I wondered why; a quick (and lazy) Google scholar search suggested some answers: dog whelks, crabs and oystercatchers all eat mussels and there are plenty of all three on Runswick beach. Shore crabs (of which there are plenty in Runswick rockpools) are described as 'voracious' and 'rapacious pests' when it comes to mussels in one paper (The mechanics of predation by the shore crab Carcinus maenas on the edible mussel Mytilus edulis, R. W. Elner, Oecologia, 36, 333-344, 1978). Dog whelks go for young, thin-shelled mussels and flocks of oystercatchers patrol the receding tide.
Starfish also like wrenching open and eating mussels, although I've yet to properly look for starfish we have found a few dead ones. So mussel predators are present, as is a strong population of other shellfish competing for space on the available rock.All these may account for the absence of Runswick Bay mussels.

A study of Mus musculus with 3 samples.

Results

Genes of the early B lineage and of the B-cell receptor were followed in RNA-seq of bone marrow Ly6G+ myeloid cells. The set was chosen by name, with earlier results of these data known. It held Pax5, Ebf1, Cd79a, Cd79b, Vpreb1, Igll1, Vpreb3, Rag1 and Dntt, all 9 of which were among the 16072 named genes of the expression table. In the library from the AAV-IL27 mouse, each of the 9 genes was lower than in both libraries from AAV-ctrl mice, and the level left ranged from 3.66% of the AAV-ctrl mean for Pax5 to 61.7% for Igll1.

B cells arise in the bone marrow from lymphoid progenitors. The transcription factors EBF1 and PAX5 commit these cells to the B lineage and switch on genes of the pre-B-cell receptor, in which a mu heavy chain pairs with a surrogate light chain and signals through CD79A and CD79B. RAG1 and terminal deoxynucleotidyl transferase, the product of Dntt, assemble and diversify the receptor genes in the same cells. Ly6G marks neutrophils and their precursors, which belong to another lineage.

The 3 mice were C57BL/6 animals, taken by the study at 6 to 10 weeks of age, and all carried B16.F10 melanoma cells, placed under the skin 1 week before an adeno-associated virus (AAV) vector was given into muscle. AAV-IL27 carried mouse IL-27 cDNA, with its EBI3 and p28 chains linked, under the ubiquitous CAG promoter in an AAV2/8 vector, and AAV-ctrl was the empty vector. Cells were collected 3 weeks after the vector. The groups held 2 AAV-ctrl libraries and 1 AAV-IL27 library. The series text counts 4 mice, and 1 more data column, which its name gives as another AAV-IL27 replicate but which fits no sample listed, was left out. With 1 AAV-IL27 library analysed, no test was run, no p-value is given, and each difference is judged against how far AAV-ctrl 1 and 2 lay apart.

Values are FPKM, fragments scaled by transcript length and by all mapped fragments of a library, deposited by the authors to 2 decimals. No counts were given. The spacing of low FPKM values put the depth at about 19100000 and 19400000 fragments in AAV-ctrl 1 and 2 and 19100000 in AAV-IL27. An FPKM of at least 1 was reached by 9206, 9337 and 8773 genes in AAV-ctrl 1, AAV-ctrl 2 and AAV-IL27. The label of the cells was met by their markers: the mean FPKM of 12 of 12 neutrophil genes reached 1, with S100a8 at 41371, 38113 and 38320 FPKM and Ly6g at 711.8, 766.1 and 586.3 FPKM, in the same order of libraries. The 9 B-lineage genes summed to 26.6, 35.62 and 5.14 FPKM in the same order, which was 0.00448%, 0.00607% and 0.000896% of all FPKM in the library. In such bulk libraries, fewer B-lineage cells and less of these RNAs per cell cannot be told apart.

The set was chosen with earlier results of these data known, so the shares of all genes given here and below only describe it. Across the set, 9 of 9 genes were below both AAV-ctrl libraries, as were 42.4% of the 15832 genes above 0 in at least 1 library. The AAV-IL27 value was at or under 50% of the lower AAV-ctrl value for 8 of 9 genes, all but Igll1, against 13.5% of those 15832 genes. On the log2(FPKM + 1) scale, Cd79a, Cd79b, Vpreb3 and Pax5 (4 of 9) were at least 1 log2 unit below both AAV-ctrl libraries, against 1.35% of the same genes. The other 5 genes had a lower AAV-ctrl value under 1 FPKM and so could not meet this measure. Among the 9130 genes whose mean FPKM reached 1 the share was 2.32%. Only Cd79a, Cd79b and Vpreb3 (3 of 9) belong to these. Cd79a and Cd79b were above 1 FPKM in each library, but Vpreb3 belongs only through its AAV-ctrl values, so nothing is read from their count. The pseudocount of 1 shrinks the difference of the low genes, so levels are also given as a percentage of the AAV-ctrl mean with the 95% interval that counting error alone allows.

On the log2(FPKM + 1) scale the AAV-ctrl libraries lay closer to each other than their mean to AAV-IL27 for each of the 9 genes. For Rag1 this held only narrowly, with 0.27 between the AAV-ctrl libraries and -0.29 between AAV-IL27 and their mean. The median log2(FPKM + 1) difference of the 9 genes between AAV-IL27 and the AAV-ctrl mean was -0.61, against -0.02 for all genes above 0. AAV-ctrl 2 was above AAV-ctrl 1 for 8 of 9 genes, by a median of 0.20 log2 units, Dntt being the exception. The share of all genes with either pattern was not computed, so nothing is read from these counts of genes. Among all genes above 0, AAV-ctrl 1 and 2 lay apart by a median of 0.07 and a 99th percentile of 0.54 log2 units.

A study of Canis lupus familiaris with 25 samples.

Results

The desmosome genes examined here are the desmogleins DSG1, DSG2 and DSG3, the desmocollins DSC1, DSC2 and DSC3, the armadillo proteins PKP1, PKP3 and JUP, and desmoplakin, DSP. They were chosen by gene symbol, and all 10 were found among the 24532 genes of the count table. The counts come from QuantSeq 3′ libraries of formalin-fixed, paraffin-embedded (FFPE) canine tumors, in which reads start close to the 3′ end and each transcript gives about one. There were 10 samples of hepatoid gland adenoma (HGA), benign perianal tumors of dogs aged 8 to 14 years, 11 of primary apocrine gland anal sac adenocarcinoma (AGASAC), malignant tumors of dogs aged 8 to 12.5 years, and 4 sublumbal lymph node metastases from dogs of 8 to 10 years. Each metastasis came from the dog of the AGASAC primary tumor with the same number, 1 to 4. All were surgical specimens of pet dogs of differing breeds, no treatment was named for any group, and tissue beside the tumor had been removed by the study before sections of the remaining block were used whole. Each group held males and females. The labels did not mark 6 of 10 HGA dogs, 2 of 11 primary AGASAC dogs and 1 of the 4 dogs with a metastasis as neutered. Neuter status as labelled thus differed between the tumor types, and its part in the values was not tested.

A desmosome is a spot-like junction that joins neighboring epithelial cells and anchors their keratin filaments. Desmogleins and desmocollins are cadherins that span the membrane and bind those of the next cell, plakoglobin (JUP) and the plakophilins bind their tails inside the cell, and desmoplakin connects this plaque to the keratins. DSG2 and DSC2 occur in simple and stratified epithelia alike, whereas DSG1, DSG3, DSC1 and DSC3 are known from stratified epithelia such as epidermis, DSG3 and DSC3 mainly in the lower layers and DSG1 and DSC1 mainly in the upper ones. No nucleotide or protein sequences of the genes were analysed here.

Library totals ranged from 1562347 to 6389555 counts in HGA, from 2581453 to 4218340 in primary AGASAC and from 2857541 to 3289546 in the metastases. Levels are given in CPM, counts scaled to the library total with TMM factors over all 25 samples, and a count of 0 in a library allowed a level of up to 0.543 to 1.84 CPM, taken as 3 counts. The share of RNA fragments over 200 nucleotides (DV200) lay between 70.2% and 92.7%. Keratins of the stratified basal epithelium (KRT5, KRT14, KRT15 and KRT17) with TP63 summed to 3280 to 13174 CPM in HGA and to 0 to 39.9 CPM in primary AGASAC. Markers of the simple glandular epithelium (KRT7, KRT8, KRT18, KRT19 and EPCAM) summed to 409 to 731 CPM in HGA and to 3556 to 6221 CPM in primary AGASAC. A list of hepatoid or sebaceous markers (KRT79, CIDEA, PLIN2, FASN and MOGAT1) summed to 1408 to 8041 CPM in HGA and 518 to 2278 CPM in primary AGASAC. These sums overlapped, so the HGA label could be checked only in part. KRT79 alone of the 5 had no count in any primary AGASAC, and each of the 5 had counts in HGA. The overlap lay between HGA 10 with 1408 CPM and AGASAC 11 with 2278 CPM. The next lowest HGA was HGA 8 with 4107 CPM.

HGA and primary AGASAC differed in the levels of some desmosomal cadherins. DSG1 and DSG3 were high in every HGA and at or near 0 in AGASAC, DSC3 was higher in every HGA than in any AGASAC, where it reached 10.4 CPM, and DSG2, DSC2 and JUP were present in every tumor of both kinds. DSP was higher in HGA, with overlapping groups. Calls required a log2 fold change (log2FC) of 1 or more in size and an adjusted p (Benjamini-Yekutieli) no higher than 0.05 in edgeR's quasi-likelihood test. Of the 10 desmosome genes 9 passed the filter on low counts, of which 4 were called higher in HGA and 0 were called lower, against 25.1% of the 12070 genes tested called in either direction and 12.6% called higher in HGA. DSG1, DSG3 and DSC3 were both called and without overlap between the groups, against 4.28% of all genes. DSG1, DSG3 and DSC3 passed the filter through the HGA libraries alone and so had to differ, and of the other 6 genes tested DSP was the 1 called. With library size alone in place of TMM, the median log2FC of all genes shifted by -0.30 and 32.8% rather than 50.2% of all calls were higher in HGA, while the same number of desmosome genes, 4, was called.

In summer, the field assistant and I will take a low-tide walk around Kettleness headland to see if there are any mussel beds to be seen there. Here's the inside of the shell covered in nacre, a form of calcium carbonate. The blue blob at the bottom right of the shell is the scar where the posterior adductor muscle which opens and closes the two shells attaches.
* It turns out byssus threads, which are secreted by the mussel's foot, have more uses than simply gluing the beast to its chosen home. As a free swimming larva the young mussel throws out a byssus thread which acts to slow the larva's rate of sinking through the water. In established mussel colonies, byssus threads are also defence mechanisms; a rash marauding dog whelk might get snagged and immobilized by a byssus thread and, unable to maraud any further, starves to death.